Before embarking on an experimental McDonald’s diet that would ultimately leave him 60 pounds lighter, substitute biology teacher John Cisna hardly ever ate fast food.
Instead, the 56-year-old says he was a big fan of meat and potatoes. As head baseball coach at Colo-NESCO Junior-Senior High School in Colo, Iowa, he would eat a large breakfast, then come home in the evenings, consume 3,000 calories and go to bed.
John Cisna visited the Philip Heit Center for Healthy New Albany at the end of June while he was in town for a Columbus presentation.
“Every day is still a challenge, but I’m on top of it,” he says.
Cisna’s six-month McDonald’s diet, coupled with exercise, taught him the impact choice can have on wellness.
“It’s not the food that makes you fat. It’s the amount of it that makes you fat,” he says.
The diet came about when Cisna was searching for a class experiment for his sophomore biology students at Colo-NESCO. After meeting an owner of several McDonald’s franchises, an idea came to him. What if he tried to get healthy by eating nothing but McDonald’s?
As Cisna and his students set to work in September 2013, they used McDonald’s online
menu builder to track 15 different nutrients and gave the teacher a 2,000 calorie diet. They didn’t stick to salads, either. His students were able to assemble 56 different meal plans.
The students decided that it was more important to meet guidelines for daily nutritional value allowances than caloric intake. A meal plan that included a 600-calorie Bacon & Cheese Quarter Pounder, for example, had a total caloric value of 1,530.
Cisna also measured his bloodwork at different points during the experiment. His beginning test exhibited numbers that put him at risk for heart disease. His cholesterol and LDL (low-density lipoprotein) levels were high, and his triglycerides number was borderline high.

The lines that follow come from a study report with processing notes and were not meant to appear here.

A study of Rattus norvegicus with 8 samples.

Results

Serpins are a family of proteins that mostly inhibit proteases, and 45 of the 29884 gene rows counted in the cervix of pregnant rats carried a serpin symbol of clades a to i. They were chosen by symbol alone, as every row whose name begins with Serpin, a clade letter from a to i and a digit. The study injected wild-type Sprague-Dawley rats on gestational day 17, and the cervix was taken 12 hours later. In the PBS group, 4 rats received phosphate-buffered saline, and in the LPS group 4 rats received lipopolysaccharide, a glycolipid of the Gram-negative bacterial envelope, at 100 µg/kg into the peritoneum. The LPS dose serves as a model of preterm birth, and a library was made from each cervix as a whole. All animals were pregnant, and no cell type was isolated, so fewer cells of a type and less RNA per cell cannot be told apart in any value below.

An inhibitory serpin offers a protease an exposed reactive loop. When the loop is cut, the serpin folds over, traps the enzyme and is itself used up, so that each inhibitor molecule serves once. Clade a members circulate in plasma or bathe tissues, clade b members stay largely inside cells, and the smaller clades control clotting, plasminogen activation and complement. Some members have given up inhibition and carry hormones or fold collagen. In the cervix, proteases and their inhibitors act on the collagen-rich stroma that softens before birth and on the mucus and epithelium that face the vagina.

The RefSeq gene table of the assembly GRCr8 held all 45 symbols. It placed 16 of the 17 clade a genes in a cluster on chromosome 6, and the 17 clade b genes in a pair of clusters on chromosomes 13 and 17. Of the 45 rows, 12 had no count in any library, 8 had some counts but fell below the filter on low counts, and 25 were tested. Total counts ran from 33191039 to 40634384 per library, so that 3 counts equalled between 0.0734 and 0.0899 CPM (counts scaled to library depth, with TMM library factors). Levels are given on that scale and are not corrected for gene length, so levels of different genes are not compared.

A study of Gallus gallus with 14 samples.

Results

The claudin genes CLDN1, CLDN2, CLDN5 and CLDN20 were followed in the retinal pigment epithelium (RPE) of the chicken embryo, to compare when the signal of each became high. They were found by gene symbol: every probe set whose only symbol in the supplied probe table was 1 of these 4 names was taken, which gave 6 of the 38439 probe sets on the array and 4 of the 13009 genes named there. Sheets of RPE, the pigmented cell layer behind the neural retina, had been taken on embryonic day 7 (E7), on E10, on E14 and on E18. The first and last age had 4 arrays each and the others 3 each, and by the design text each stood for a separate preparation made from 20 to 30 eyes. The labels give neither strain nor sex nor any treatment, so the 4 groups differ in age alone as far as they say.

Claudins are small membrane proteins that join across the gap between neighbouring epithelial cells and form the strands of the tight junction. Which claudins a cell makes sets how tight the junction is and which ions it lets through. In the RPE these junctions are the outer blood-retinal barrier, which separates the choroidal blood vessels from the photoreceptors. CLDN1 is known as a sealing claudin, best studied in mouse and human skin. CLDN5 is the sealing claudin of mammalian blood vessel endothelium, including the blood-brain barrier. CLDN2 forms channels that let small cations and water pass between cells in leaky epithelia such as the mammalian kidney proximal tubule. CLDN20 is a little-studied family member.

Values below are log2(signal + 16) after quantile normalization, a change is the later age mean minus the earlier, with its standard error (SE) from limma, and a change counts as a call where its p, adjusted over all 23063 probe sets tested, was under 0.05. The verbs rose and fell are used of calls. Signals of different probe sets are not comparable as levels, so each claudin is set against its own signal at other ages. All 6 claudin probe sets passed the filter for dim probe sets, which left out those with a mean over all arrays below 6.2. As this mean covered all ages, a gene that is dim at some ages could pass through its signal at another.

He was so surprised about his results 45 days into his trial that he called the lab to make sure the blood was his. His cholesterol and triglycerides were in the desirable range, LDL was near ideal, and glucose, while a little higher than it was before the experiment, was still in the desirable range.
“It was incredible,” he says.
His total cholesterol went from 249 mg/dL on Sept. 16 to 189 mg/dL on Nov. 1. LDL went from 170 to 129, and triglycerides from 156 to 94. By Dec. 14, his total cholesterol, LDL and triglycerides dropped even further, to 170, 113 and 80 mg/dL, respectively.
It was impossible for Cisna to remain within the recommended daily salt allowance while on his fast food diet. Still, when he checked his electrolyte levels, all three ions were within normal range. This shows, he says, that the body can get rid of excess salt. He also drank at least a gallon of water per day, which helped flush out the mineral.
Still, Cisna stresses that a diet of solely fast food is not viable, feasible or cost-effective.
“This was nothing more than an experiment,” he says.
Cisna also paid attention to keeping a regular eating schedule during his experiment. On his way to school, he would eat breakfast at 7 a.m. Lunch was at 11:30 a.m., and supper followed at 6 p.m.
“It was steady the whole way through,” he says.
Before the experiment, Cisna almost never exercised. For the first 90 days of the experiment, he walked 45 minutes per day, 4-5 days per week, to burn roughly 240-250 calories.
A week passed before he was able to walk for 45 minutes.
“I was psychologically beaten that day,” he says of his first attempt.
For the experiment’s second half, Cisna stepped up his physical activity, working with a trainer. After he lost his 50th pound, he found he couldn’t lose more.
“That needle didn’t move one ounce in two and a half weeks,” he says.
Cisna’s body was actually conserving fat to stay healthy, since he was still consuming around 2,000 calories per day while exercising more than he did before. After he stopped exercising entirely, he lost 4.5 pounds at the end of the week.
“You have to eat in order to lose weight,” Cisna says. “If you don’t, your body will recognize that and shut itself down.”
At the start of the experiment, Cisna was 280 pounds. After six months, he was down to 220 pounds.
Eighteen months have passed since the experiment concluded, and Cisna, at about 225 pounds, has kept his weight off. He still has McDonald’s for breakfast every morning, eating an Egg White Delight McMuffin and oatmeal.
For exercise, Cisna favors a recumbent bicycle, which he rides 3-4 times per week.
“I’ve been given a second chance at life with this experiment,” he says.
Sarah Sole is an editor. Feedback welcome at email@example.com.